The Common and Fine Arts

A K-12 classical Christian curriculum may retain the teaching of common arts (technical skills/trades) in order to serve a higher good (serving the community); it does not however seek to train in specific skills for the sake of employment. Vocational training is truly good, but it serves higher goods and without a humane education one may lack the qualities which distinguish man from beast. This is why such skills are sometimes negatively labeled the "servile arts". Historically, without the liberating arts, one is subject to masters, employers, or the will of leaders who were able to read, write, think, speak, and calculate strategically.

The young man who is taught to fear the Lord, seek wisdom, and live virtuously while being able to read, think, write, and speak well, is no less suited for an apprenticeship or technical college than 12th graders whose entire education prioritized test taking and vocational training while withholding the nourishment of truth, goodness, and beauty from their souls. John Amos Comenius (1592-1670) shares similar sentiments as he describes the importance of educating youth in all areas of life, “In short, the purpose for which youth ought to be educated is threefold: Faith and Reverence; Uprightness in Morals, Knowledge of Language and Arts. These are to be taken however, in the precise order in which they here appear, and not inversely…”[1] The priority is to order the affections toward God for, “To be human is to love, and it is what we love that defines who we are.[2]

The fine arts, are in a similar position as the common arts in the curriculum. The fine arts are the fruit of the liberal arts’ use of common arts (which again, emphasizes the importance of the liberal arts).[3] Though not the center of the curriculum, the fine arts are related to the formative nature and the liberal art of music; they should be integrated inside and encouraged outside the curriculum where possible.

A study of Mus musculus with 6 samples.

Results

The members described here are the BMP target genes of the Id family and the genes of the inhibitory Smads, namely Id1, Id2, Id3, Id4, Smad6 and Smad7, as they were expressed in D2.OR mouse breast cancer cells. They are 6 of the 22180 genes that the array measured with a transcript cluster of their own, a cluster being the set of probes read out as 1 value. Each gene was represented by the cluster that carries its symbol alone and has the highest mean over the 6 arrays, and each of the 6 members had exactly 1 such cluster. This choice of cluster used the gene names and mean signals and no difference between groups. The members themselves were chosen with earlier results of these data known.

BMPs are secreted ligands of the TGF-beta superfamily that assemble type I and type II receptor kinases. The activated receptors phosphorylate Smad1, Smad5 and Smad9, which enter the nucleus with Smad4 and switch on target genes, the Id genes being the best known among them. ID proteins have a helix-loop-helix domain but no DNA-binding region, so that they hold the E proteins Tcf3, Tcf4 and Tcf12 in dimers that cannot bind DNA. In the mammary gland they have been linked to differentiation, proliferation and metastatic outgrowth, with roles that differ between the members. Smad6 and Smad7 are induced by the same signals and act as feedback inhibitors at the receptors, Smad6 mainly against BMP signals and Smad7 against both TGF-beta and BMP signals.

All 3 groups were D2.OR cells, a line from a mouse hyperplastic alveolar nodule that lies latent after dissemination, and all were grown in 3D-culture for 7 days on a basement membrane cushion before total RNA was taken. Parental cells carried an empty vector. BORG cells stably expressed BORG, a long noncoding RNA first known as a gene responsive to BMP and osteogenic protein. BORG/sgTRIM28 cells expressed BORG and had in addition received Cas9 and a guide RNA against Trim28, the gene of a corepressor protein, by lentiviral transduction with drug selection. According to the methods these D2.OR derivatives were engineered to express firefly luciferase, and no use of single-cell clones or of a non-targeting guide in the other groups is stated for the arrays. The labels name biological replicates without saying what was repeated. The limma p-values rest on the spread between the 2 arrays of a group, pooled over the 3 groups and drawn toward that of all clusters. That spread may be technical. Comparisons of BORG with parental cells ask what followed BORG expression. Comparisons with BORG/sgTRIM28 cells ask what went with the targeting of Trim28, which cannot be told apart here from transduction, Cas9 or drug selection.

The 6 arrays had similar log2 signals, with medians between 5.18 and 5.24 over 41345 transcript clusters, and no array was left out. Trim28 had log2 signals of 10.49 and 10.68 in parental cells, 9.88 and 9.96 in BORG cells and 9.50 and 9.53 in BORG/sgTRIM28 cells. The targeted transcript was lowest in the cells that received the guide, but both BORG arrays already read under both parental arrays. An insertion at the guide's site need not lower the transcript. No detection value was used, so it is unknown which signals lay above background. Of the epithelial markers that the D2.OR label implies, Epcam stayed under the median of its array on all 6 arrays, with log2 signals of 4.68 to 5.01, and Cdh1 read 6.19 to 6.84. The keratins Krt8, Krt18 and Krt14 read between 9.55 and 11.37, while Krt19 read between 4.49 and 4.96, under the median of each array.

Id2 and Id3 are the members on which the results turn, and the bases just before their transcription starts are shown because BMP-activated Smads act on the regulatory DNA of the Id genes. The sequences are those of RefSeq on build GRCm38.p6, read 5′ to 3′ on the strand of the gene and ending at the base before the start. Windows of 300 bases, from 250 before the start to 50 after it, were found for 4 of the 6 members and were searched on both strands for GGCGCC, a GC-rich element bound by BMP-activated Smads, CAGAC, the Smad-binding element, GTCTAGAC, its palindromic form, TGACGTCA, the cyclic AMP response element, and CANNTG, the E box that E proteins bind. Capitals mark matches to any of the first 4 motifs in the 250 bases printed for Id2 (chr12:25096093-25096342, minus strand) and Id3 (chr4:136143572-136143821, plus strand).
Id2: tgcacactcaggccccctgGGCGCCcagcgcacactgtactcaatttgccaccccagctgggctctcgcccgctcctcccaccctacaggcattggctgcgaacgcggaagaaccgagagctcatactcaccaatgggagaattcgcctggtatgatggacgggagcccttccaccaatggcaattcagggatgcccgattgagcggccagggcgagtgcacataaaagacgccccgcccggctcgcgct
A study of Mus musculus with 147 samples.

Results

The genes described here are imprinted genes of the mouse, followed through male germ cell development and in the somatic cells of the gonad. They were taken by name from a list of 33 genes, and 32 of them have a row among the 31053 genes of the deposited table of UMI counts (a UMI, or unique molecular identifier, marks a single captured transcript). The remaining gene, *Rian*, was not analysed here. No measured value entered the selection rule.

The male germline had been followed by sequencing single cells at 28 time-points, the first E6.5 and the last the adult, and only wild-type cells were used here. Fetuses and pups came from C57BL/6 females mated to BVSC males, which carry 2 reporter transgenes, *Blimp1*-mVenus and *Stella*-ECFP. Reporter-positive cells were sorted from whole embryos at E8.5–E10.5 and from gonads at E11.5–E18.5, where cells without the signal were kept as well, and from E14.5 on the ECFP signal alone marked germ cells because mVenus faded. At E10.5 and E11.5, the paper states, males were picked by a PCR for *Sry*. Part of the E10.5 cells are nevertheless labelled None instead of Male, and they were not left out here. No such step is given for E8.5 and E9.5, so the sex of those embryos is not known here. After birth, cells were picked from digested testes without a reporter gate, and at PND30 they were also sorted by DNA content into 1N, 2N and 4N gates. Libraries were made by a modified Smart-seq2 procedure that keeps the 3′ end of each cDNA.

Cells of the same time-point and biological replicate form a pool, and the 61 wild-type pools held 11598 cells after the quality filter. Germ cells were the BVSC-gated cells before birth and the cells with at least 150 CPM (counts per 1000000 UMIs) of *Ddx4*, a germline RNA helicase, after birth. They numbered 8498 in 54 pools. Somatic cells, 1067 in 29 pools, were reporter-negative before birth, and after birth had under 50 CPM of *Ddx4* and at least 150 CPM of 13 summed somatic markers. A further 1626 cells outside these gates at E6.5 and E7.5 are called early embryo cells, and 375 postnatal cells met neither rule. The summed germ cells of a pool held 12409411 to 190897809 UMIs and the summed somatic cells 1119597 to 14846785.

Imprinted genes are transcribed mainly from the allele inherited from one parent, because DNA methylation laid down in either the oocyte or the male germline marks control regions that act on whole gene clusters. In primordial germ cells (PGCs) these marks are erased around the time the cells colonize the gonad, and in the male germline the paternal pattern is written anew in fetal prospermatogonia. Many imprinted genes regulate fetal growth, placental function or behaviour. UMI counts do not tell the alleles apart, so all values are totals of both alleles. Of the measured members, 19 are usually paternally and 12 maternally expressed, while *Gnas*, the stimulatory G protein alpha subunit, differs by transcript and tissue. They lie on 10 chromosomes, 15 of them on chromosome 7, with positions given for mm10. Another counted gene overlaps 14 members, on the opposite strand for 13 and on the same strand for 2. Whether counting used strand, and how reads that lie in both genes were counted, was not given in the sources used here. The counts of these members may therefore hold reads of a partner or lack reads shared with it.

More thought on integrating the common and fine arts does need to take place but providing an extensive education in each of these areas would be overwhelming and students would gain mastery over nothing; it may be within reach of boarding schools but with a biblical understanding of the family and the local church, the school must not consume the child’s life. Yet, one can easily see how a class dedicated to the fine art of realism drawing may be used to benefit one's study in natural science through accurate nature sketch books, or how learning architecture and plumbing techniques may be used in a history lesson on Rome’s aqueducts or city planning. In the future, we will attempt integration by requiring all students to contribute to an annual school play or musical, incorporating both the common and fine arts through participating in stage crew and/or the performance. We also accomplish integration with the common art of armament/hunting in our P.E. program (knowledge of combatives, weaponry, marksmanship, and tracking). 





[1] D. Bruce Lockerbie, A Passion for Learning: A History of Christian Thought on Education (Colorado Springs, CO: Purposeful Design Publications, 2007), 180-81.

[2] James K.A. Smith, Desiring the Kingdom: Worship, Worldview, and Cultural Formation (Grand Rapids, MI: Baker Academic, 2009), 51.

[3] Clark and Jain, The Liberal Arts Tradition, 251-53.